Elmer "Geronimo" Pratt, the Vietnam War-hero-turned-Black Panther who became a cause célebre for the leftist leaning counter culture, has died in his adopted Tanzanian homeland of a heart attack. He was 63 years old, and is survived by a daughter and three sons.
Ayuko Babu, a fixture of the activist movement of that era and the current director of the Pan African Film Festival, summed up the legacy of Geronimo ji-Jaga (the name he adopted) thusly:
"As Ossie Davis said of Malcolm (X), Geronimo symbolized the best of Black manhood. Borrowing a phrase from the great comedian Richard Pryor, he stood up to the powers that viewed people of color as a disposable commodity, intending to 'take your life and waste it like salt.'"
Born and raised in the Louisiana hamlet of Morgan City, which straddles the parishes of St. Martin and St. Mary, Pratt was a star high school football quarterback who was mentored by neighborhood elders as the Civil Rights Movement raged throughout the South. As hostilities escalated on the Indochina Peninsula, he volunteered for paratrooper training, and as a member of the fabled 82nd Airborne Division, became a highly decorated veteran of two combat tours during that controversial Indochina conflict, before his discharge and relocation to Los Angeles to attend UCLA.
There he met former Slausons gang leader Alprentice "Bunchy" Carter, who'd formed the Southern California chapter of the Black Panthers. Carter dubbed him "Geronimo" as an homage to his paratrooper background, and promoted him to minister of defense to utilize his military expertise. In 1970, Pratt was arrested for the shooting death of Caroline Olsen, a 27-year-old elementary schoolteacher, and her husband, Kenneth, who was shot but survived an armed robbery for $18 at a Santa Monica tennis court.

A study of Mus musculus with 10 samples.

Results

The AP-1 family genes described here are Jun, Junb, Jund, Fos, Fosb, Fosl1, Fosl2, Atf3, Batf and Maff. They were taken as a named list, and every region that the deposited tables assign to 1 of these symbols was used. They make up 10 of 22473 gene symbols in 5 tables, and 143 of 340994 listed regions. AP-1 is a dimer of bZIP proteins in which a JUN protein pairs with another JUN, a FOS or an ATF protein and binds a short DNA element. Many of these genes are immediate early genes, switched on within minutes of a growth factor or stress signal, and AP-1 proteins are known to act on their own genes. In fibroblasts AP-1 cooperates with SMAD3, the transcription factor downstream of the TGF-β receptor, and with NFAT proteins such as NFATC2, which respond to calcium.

Pratt had been fingered by fellow Black Panther and police informant Julius Butler, who was part of a maze of double agents, agents provocateur, con men, and connivers who inhabited the late 1960s and early 1970s political minutia that was a staple of American society of that era.
The crux of the persecution case hinged upon a match between a handgun belonging to Pratt, a Colt .45, and the standard-issue military sidearm of the Vietnam era, and the cartridges found at the crime scene. Pratt's car, a Pontiac GTO convertible with North Carolina plates, had also been seen in the area.
Further complicating the case was Pratt's recent break with the Panther hierarchy. He'd always maintained that he was hundreds of miles away at a Black Panther meeting in Oakland, during the time of the murder. No one in that organization vouched for him however, including Bobby Seale, Huey Newton, and Elaine Brown, who comprised that group's top brass. Pratt's pregnant wife Saundra was also murdered in 1971, possibly as a result of the division according to numerous sources.
A then-little-known Loyola Law School graduate, Johnnie Cochran, was retained for his defense, and after his client's 1972 guilty verdict, became convinced Pratt had been the target of the FBI's COINTELPRO (for Counter Intelligence Program) project geared towards disrupting domestic political organizations. The murder conviction politicized Cochran, and his belief that the justice system was ethnically biased led to his use of the "race card" in the 1995 O. J. Simpson murder case that made Cochran famous. Cochran vowed that what happened to Pratt would not happen to Simpson.